I was at the first VCE analyst event last week and the most fascinating session was a panel of customers who took us through the benefits they got by converting to VCE Vblocks. One of the most interesting comments they made was that other IT vendors sell them “stuff” and then they buy VCE’s solutions. This was subtle but I found it a fascinating concept.
They were then asked to give us highlights of the bid process and it seemed clear to me that the competing vendors didn’t know why they were losing.
The VCE customers walked us through the massive, unbelievable, improvements to cost, reliability, agility, and capability that resulted from their move to VCE’s Vblocks. But the most interesting question was on how each of the vendors that bid against VCE played the game. These vendors mostly weren’t great and I’ve heard stories like this from other IT shops. And I’d bet money the executives in these vendors who are seeing lackluster sales are no more aware than my executives were, or I was, many years ago with respect to why.
The VCE Strategy
How VCE wins is they don’t sell parts. They bring in a team to understand the problem, they go off and craft something that fixes it, and they pitch the result, which generally can be up and running 45 days later or weeks if not months before most competing products are even installed. The resulting cost, agility, and staffing benefits exceed reasonable expectations (the word “unbelievable” was used a lot by the VCE customers). This results in a massive amount of subsequent additional sales to existing customers.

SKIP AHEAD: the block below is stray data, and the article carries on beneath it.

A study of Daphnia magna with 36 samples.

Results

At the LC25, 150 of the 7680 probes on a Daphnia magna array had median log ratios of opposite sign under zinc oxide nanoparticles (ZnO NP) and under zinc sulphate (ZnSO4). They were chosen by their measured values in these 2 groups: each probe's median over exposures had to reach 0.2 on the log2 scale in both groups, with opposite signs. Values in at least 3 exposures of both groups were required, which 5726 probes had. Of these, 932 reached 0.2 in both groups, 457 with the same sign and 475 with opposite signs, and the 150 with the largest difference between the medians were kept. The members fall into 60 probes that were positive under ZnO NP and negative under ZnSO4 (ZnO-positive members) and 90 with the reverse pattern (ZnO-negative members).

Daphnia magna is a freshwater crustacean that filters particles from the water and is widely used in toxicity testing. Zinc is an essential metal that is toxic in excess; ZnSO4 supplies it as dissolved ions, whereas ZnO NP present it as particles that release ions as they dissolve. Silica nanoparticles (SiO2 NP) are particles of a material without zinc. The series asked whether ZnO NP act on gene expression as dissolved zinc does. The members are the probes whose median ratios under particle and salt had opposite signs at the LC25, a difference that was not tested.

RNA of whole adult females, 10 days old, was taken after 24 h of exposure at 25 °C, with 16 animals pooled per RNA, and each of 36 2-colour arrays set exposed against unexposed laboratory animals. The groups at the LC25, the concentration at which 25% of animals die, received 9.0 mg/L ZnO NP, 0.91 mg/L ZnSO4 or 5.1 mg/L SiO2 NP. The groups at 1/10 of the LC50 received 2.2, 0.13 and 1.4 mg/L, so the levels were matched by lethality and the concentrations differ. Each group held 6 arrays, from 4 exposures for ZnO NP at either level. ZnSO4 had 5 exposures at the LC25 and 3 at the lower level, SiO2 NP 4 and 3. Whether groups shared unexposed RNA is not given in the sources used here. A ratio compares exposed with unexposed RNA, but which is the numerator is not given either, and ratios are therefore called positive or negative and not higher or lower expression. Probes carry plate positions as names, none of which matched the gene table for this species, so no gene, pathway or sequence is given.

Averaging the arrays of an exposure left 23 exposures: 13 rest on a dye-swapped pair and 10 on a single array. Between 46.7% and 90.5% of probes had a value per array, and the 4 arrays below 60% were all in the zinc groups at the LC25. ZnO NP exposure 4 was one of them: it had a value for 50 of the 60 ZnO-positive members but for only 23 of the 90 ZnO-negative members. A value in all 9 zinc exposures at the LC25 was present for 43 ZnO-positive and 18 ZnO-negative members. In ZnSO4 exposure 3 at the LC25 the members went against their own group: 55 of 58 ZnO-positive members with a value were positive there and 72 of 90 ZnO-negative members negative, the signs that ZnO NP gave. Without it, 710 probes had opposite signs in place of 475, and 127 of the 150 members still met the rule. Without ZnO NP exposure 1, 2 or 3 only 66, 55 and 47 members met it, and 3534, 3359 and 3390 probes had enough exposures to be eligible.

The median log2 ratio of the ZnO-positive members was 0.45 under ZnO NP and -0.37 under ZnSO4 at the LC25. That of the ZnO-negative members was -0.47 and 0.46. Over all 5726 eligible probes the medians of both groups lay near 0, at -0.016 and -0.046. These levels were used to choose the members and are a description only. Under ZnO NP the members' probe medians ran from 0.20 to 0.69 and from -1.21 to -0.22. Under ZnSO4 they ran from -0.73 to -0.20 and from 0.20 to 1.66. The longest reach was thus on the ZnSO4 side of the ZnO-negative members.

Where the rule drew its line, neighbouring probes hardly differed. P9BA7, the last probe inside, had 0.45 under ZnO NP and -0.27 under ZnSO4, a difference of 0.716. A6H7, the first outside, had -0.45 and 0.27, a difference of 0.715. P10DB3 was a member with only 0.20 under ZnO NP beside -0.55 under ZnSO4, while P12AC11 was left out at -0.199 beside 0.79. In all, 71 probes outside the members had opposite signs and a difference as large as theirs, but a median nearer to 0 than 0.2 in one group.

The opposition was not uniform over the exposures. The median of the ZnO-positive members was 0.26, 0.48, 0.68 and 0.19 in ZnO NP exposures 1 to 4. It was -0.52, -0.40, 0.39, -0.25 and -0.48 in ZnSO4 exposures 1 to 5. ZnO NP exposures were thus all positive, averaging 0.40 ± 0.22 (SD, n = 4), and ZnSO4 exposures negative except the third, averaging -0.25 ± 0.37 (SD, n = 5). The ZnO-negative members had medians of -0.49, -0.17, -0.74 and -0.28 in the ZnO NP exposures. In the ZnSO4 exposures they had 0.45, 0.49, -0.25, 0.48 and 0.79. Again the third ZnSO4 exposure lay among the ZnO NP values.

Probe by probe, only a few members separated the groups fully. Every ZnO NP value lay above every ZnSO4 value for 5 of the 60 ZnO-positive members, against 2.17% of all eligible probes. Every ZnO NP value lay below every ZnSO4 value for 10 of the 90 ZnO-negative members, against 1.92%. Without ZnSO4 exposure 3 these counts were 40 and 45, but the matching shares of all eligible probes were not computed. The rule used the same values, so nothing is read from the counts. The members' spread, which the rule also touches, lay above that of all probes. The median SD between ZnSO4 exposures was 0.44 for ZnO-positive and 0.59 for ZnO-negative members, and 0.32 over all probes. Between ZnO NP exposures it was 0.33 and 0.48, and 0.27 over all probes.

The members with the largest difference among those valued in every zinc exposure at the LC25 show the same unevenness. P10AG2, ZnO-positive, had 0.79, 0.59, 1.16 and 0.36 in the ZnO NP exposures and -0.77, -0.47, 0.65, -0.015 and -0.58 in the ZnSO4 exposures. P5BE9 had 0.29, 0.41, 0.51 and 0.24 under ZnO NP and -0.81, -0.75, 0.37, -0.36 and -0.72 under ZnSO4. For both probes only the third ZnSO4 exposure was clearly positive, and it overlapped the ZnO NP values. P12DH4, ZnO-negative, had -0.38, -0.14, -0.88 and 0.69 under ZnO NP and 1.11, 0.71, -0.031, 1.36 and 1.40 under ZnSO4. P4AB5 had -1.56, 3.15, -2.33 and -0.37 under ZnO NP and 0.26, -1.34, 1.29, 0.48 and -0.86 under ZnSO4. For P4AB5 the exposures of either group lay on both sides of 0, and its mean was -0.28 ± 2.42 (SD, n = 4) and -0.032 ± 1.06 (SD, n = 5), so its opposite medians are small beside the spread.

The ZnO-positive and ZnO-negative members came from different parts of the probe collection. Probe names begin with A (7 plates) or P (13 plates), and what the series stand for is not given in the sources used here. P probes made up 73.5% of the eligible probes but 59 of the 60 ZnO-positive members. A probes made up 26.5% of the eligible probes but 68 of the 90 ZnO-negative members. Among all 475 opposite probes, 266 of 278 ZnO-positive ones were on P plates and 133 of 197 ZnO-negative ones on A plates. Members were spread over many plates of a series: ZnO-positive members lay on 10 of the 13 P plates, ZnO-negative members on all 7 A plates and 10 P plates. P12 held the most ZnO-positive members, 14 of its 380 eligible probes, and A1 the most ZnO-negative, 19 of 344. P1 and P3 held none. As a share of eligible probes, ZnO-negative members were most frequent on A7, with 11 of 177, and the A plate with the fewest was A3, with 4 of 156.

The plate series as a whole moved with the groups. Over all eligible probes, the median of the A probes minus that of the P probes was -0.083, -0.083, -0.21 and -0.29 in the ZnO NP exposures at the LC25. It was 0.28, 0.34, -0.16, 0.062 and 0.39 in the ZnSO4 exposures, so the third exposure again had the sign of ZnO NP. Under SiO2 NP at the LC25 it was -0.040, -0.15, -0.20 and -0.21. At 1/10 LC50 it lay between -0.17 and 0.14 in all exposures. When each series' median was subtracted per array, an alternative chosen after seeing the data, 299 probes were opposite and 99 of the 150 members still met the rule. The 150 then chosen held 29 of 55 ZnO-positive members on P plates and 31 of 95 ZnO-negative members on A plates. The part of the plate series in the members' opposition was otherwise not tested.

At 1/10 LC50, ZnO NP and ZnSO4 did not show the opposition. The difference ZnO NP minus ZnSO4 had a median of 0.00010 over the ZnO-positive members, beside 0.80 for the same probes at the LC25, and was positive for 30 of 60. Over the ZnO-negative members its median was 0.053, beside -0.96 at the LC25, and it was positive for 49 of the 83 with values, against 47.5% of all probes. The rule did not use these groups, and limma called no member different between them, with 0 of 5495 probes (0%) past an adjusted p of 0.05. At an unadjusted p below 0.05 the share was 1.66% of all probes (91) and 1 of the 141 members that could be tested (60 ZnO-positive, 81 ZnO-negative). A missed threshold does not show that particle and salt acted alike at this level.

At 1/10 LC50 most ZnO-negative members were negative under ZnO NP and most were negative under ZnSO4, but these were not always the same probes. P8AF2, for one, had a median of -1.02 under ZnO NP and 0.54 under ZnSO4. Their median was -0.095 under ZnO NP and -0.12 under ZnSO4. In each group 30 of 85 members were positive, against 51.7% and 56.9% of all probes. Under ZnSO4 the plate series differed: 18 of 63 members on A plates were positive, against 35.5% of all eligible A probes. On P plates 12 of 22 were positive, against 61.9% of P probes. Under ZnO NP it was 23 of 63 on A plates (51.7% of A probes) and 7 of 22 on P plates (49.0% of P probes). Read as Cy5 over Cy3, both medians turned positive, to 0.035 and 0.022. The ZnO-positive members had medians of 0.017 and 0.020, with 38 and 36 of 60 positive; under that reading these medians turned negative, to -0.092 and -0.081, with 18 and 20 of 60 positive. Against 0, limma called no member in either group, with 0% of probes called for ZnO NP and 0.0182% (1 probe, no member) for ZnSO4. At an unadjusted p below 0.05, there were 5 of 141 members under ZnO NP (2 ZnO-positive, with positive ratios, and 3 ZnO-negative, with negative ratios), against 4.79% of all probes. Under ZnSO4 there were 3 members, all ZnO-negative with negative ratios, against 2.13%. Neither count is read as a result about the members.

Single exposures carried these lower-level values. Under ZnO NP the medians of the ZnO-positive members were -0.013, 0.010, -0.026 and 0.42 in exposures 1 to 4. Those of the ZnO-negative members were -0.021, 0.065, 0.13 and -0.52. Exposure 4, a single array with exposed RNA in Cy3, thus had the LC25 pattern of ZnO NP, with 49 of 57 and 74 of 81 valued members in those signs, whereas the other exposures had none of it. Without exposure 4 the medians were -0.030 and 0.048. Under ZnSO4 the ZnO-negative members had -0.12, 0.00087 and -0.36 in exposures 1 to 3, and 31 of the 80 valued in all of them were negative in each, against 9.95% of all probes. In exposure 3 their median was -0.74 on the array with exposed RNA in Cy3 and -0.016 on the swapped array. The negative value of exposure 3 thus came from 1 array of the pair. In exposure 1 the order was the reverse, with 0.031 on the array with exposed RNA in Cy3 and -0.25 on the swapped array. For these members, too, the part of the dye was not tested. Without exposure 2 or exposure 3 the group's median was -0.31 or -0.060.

When VCE loses it is because of excess headwinds in the IT shop. Since they are a forklift effort – to get the benefits the buyer has to remove what is in service and replace all of it with the Vblock – it may represent a level of change that IT shops don’t want to make. They also may lose because folks don’t believe it will work (one customer said he had to overrule his staff, his engineers, and a long list of consultants who absolutely were positive it wouldn’t work at all and were surprised when it was up and in production in 45 days, beating expectations).
If you’re a vendor that lost to VCE you might want to do a detailed win/loss review. As a side note, all of this was exactly what the service Ombud was created to point out.
One final question. Which is worse: a vendor that is in denial about the fact their hardware isn’t up to par, one that doesn’t seem to understand their stuff won’t work out of the box, or the vendor that has a solution but refuses to listen to the customer in order to sell it? I’d vote for the unfortunate vendor behind door one because you can fix the others, but given how big this vendor is others either disagree – or are so locked in they can’t move.